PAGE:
Saturday, November 17, 2012

Robot fish capable of interacting with live fish

Robots are getting increasingly intelligent, as we advance in our technology. Nowadays, robots are capable of performing complex tasks, and we are already finding ways to attach robot elements to our bodies, creating so-called cyborgs. It is, however, still too difficult to make robots just as intelligent, or complex, as live animals. Scientists from the University of New York have now set the first steps towards a robot model that behaves just like a fish and is capable of real interaction. Such principles ought to help us change the behaviour of groups of animals, in an effort to preserve nature.

The robot developed by the University of New York is supposed to mimic a zebrafish, which is a small fish often used in all sorts of medical research. The robot is capable of autonomous movement, which it does so in response to other, live fish found in its vicinity. Because of the ability to recognize the presence of others, the scientists set out to see whether their robot was able to alter the behaviour of the real fish.

One of the key features of the artificial fish is that it is able to regulate the speed at which it moves its tail. It alters its tail beating by measuring how close or far off the live fish is. In their experiments, the scientists let the artificial tail beat either faster or slower when the real fish came closer. They showed that the fish prefer a robot that beats its tail faster when coming closer. In this case, the zebrafish remained in the vicinity of the robot for a longer period of time, compared to slow-beating scenarios. By revealing this preference, the researchers prove that they are capable of interaction with the zebrafish.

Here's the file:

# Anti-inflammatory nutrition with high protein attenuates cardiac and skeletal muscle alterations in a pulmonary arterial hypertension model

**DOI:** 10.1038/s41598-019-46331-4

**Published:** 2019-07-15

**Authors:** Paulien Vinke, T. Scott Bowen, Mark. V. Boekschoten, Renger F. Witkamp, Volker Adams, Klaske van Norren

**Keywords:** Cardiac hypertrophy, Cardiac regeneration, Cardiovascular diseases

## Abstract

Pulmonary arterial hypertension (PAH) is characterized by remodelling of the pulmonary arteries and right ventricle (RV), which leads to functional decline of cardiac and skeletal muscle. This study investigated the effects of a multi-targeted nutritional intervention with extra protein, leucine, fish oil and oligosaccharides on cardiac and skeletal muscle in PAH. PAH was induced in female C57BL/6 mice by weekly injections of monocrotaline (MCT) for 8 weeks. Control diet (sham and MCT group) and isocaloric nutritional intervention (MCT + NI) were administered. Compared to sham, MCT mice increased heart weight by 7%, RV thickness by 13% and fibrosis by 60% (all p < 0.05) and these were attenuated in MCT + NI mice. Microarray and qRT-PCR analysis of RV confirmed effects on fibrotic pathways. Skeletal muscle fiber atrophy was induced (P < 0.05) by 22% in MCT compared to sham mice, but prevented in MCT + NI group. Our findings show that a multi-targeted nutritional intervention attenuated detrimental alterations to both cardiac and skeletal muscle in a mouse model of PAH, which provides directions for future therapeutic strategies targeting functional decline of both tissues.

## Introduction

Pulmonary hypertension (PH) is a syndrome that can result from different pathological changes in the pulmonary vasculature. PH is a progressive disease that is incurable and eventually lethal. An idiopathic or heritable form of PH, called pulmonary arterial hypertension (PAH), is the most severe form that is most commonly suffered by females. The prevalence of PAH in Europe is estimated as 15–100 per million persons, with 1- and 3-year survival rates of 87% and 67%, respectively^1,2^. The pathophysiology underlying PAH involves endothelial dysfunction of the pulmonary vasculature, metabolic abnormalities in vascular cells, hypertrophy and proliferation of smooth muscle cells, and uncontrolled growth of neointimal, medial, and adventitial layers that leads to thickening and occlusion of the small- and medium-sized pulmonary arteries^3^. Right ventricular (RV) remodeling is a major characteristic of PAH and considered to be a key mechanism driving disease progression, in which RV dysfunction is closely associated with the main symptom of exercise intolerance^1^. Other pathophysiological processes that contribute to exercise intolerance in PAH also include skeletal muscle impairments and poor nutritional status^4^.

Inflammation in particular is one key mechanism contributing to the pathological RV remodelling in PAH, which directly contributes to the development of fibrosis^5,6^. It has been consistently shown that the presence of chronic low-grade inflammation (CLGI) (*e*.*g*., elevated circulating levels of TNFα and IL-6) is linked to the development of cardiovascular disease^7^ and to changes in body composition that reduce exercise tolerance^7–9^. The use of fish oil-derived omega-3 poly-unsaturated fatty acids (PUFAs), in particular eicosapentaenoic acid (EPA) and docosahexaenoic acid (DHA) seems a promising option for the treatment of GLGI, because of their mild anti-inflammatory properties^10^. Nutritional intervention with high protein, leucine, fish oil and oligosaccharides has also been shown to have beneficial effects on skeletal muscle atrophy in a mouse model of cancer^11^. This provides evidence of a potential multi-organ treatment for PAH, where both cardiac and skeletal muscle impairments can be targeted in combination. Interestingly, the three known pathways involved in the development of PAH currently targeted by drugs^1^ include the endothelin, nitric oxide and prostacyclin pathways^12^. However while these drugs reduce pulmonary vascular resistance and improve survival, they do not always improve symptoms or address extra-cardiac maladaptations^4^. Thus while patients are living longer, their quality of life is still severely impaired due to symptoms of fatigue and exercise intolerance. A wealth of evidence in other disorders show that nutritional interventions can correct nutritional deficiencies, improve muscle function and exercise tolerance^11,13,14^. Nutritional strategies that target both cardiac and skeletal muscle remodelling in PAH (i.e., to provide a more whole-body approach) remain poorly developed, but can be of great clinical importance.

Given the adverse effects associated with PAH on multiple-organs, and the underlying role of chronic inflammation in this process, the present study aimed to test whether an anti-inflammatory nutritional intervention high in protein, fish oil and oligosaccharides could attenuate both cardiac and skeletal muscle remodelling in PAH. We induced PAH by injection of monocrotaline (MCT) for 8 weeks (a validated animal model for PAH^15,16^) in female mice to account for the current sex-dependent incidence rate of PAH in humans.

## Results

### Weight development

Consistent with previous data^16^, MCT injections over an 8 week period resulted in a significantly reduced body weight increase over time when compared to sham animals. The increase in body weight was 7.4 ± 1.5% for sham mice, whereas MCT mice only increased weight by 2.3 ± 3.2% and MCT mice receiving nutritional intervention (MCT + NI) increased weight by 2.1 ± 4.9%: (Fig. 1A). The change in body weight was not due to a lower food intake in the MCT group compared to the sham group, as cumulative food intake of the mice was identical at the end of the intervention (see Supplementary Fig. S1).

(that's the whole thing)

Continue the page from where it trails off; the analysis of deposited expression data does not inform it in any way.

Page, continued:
Practical use
Beating a tail faster or slower based on proximity of a real fish does not sound very useful. However, this proof-of-principle may help ecologists in their endeavours to preserve nature, by altering the behaviour of groups of animals. Introducing robot variants into the wild that steer a group into a particular direction may be highly beneficial, although it is likely more complex robots need to be developed first. Nevertheless, it is a very interesting novel approach to preservation.